By NEIL HARTNELL
Tribune Business Editor
Super Value's president yesterday hailed the supermarket industry's reclamation of its full hours and Sunday shopping, saying: "Our prayers have been answered."
Rupert Roberts told Tribune Business that the Retail Grocers Association and its members had obtained "'everything we requested" from the Government apart from the traditional extension of shopping hours to 11pm on Christmas Eve.
Describing the previous 5pm Saturday closure, due to the 6pm curfew, as "unbearable", the Super Value chief revealed he had written four letters to the Prime Minister's Office in the previous three weeks prior to the easing of restrictions arguing for a loosening on the basis that COVID-19 numbers had sharply reduced.
"The whole country is very happy about the new hours we have been given," Mr Roberts told this newspaper. "We were very impatient. In the past three weeks I had written four letters requesting an extension of the Saturday hours because we had unbearable hours to work in.
"We had to work in the confines of the hours they gave us, and it wasn't working. We couldn't get our sales in. We kept pointing it out to them. We wrote and notified them of what we wanted as Christmas hours, and they took everything into consideration and gave us everything we requested and what we wanted. Our prayers have been answered."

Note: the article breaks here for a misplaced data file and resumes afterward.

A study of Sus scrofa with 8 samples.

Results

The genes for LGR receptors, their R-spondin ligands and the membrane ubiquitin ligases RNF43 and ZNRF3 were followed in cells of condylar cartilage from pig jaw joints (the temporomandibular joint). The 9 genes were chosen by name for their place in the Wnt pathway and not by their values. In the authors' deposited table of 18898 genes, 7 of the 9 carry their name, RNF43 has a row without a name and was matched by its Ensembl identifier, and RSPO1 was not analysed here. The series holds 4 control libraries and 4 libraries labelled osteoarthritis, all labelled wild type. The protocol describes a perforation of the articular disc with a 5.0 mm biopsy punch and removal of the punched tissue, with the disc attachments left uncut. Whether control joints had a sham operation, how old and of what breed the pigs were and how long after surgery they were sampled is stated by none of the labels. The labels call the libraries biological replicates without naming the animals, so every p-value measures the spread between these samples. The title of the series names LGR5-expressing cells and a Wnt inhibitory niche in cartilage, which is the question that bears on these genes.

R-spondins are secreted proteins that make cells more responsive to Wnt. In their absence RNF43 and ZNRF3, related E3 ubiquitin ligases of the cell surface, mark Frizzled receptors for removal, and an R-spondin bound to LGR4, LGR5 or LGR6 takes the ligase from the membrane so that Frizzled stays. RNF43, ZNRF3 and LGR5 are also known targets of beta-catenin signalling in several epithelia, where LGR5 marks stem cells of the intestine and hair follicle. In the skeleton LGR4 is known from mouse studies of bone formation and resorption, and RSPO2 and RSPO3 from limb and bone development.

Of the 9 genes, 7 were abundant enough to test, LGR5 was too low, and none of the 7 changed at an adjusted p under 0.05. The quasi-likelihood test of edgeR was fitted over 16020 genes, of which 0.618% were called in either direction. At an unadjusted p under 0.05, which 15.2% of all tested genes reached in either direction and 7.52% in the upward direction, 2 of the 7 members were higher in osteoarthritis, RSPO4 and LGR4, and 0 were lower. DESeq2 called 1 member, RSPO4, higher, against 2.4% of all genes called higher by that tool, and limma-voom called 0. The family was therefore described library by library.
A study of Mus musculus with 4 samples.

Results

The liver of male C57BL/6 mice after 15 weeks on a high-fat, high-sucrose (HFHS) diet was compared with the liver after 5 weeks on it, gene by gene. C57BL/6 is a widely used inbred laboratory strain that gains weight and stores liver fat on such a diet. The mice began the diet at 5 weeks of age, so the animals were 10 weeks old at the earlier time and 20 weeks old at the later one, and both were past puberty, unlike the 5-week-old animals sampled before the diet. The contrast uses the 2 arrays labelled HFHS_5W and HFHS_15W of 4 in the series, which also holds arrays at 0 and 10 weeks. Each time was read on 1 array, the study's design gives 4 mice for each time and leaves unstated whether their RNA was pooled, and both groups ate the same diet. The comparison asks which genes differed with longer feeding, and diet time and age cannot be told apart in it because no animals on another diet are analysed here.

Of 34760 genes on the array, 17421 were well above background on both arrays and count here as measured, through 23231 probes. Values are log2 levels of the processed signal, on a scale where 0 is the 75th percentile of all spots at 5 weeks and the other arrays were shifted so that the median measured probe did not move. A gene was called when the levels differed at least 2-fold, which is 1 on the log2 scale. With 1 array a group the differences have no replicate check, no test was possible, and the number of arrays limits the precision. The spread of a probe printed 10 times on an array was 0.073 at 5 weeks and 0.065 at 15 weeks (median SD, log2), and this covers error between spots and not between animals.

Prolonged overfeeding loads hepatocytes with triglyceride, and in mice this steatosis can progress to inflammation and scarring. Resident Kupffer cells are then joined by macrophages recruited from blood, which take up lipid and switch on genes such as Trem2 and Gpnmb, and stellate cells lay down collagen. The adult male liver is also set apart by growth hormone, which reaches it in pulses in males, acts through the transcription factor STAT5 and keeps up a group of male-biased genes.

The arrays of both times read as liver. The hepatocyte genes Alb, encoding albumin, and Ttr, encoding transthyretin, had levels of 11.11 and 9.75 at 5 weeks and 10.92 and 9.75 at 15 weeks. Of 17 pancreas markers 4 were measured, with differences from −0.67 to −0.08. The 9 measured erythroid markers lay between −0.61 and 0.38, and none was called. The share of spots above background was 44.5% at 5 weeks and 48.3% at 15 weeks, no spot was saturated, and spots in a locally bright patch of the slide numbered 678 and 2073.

Disclosing that the Retail Grocers Association and Bahamas Chamber of Commerce and Employers Confederation (BCCEC) had also written to the Prime Minister's Office on the issue, Mr Roberts confirmed that food stores had regained Sunday shopping as well as all their hours during the week.
"The Prime Minister did promise me three weeks ago that if the cases go down he would give us what we wanted," he added. "The cases did go down and he gave us what we wanted and requested. It gave us a sense of relief, and gave merchants and consumers a sense of freedom.
"If we do the right thing we'll have a good Christmas with the economy we have. Hopefully it goes into the New Year. The economy is bouncing up a little." Mr Roberts, though, warned that keeping the present hours depends on Bahamians maintaining their discipline and keeping the COVID-19 infection rates down.
"We could lose it again," he said. "The only thing he [Dr Hubert Minnis] did not give us is that normally on Christmas Eve customers shop everywhere else and come to the supermarket last, and we're forced to stay open until 11pm.
"We requested that, but he only gave us until 9pm. We'll have to manage with that. If cases go down further the Retail Grocers Association will go back to them and ask for the traditional Christmas Eve hours. If things go good we'll be tempted to go back and ask for 11pm on Christmas Eve."